Los Angeles Angels: The starting rotation is broken and don’t expect it to be fixed

The Los Angeles Angels needed one thing heading into this offseason — starting pitching. The team has not gotten much of that and it does not appear that it will.

The Los Angeles Angels signed the second-biggest star of the offseason in Anthony Rendon and it still feels like this winter as somewhat of a disappointment for the Angels. While Rendon absolutely makes the offense more dynamic, he does not help address the team’s biggest glaring weakness.

Rendon is not going to suit up and make 30 starts for the Angels and fix the pitching staff. The team’s primary target was Gerrit Cole, who would have done that, but after missing out on Cole it seemed like the Angels simply pivoted and signed the next-biggest star.

This may not have been the smartest move. I do not want to downplay how good Rendon is but the Angels have not necessarily had the best luck when it comes to signing big-name position players and now the team has put itself in a pickle.

You need pitching to win in the Major Leagues, I do not care how you spin it. Joe Maddon can get as creative as he wants with openers and the bullpen but as we see every year with the wild card teams that make the playoffs with that tactic, you cannot win in October that way.

The Los Angeles Angels absolutely could be one of the final 10 teams in the running for the World Series. Do I like their chances against the four other best teams in the American League with the pitching staff they have? Not at all.

The current outlook for the Angels starting rotation is Shohei Ohtani, Julio Teheran, Andrew Heaney, Griffin Canning and Dylan Bundy.

Ohtani has been great on the mound, in the 50 innings he has pitched in. We still are not even sure if Ohtani can handle the MLB mileage, especially in being a two-way player. Teheran and Bundy are great innings eaters but should not be the two-best pitchers the team brought in this offseason.

Heaney is who he is at this point: a mid-four ERA guy who can have great games here and there but is rather unreliable both in performance and with his health. Finally, Canning has good stuff and showed some of the same flashes, but he is only a second-year pitcher and we cannot buy in too heavily to the promise he brings, as we did with Heaney.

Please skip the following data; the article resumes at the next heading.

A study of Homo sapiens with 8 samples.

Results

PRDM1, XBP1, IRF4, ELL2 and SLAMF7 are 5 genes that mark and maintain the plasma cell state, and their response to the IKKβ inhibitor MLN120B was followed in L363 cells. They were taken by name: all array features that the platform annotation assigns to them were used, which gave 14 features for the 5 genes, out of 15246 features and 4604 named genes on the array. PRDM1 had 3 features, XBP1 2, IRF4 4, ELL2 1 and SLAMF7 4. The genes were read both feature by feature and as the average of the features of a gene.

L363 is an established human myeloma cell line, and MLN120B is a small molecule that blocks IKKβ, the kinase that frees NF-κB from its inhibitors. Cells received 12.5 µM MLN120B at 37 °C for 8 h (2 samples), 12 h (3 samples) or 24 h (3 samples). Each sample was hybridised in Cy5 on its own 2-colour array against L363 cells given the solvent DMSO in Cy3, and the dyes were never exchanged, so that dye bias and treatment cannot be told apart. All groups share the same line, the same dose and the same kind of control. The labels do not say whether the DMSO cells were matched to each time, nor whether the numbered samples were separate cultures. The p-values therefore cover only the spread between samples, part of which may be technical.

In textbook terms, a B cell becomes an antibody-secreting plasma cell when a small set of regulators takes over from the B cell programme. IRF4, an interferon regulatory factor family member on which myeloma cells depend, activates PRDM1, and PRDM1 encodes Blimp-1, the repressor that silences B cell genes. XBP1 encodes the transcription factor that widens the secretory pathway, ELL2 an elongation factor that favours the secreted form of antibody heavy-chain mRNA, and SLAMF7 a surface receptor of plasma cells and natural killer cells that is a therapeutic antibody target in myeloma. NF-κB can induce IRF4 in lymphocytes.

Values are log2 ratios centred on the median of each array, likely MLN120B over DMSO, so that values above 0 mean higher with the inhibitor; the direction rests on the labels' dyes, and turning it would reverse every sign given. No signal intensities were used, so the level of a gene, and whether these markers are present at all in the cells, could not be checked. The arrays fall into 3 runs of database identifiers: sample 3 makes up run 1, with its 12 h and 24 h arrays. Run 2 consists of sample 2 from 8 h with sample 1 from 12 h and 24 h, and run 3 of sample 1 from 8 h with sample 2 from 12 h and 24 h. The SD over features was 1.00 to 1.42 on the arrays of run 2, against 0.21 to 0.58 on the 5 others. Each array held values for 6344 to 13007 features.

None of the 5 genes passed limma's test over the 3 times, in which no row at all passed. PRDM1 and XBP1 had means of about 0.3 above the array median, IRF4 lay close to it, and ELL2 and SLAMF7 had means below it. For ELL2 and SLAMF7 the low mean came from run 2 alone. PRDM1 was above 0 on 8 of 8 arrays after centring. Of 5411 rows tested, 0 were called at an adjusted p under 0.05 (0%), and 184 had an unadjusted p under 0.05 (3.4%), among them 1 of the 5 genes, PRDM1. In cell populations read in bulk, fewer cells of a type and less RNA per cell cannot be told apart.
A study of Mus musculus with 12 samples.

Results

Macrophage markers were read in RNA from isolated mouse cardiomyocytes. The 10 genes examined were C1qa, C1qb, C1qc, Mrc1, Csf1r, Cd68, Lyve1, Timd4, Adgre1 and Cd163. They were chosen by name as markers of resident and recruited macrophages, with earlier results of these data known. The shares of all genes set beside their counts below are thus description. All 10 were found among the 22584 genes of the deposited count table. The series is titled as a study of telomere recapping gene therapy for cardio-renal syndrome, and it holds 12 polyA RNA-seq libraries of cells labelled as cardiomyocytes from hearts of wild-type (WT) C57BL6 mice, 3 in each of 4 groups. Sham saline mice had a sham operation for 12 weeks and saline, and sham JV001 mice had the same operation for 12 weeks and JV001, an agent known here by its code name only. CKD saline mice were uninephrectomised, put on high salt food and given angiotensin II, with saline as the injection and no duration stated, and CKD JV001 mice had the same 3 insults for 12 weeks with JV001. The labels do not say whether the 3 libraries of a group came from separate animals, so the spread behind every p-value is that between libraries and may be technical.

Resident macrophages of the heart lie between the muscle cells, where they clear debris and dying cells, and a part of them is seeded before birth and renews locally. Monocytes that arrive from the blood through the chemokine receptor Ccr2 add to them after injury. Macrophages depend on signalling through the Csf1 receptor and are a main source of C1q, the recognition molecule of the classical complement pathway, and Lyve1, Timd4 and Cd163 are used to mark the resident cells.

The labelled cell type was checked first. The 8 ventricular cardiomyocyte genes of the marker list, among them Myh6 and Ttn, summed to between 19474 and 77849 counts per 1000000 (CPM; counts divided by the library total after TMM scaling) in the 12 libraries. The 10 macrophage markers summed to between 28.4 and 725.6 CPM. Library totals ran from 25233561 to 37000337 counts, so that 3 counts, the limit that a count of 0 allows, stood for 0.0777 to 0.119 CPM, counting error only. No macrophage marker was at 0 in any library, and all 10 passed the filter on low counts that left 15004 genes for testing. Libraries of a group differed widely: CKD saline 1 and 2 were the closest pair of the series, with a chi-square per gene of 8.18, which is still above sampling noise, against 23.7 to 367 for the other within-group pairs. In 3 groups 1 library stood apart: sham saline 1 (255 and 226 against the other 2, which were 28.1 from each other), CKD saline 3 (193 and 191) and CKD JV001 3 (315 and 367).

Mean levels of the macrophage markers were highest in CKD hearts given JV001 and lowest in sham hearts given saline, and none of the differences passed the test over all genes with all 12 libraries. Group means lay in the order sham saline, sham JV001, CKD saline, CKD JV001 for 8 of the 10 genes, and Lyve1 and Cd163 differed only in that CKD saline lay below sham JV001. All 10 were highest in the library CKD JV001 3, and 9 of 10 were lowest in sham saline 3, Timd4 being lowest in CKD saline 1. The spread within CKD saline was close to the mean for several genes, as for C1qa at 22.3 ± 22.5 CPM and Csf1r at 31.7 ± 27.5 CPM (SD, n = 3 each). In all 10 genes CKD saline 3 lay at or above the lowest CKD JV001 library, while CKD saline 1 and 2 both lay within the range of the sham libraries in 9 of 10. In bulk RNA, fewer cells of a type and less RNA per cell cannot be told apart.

That rotation is one injury away from serious trouble, two away from completely falling apart. And while the Angels do not need an elite starting rotation to make noise, they certainly need better than what they have.

The problem is and the fact of the matter is that the Angels’ front office is not going to fix this problem. They might bring in one more depth option at a cheap signing rate, but it is not going to be someone who is majorly impactful (see Matt Harvey and Trevor Cahill in 2019).

The Angels did not sign Hyun-Jin Ryu nor Dallas Keuchel despite the asking price for both pitchers being relatively low. Ryu is making $20 million over four seasons and Keuchel is making $18.5 million for three seasons with a vesting option in year four.

If the Angels’ front office had as much urgency as we are led to believe then they would have signed one of those two guys for a close price. We have seen it time and time again: when Arte Moreno wants a free agent he tends to get it, I find it hard to believe that they could not one-up the Blue Jays or White Sox.

The problem is that the Angels seem to have a self-imposed budget that they backed themselves right up into with the Rendon contract. The Angels have not gone over $175 million in payroll but have gotten awfully close to it multiple times.

While we have no inside information, solely based on deductive reasoning, it is safe to say that they probably do have an internal budget of somewhere close to $175 million. Right now they are sitting at $162 million with Spotrac’s arbitration estimates.

So, despite having over $40 million in space under the luxury tax, the Los Angeles Angels seemingly priced themselves out of both Ryu and Keuchel. Not only that, but the team is also pricing itself out of making trades for J.A. Happ or David Price.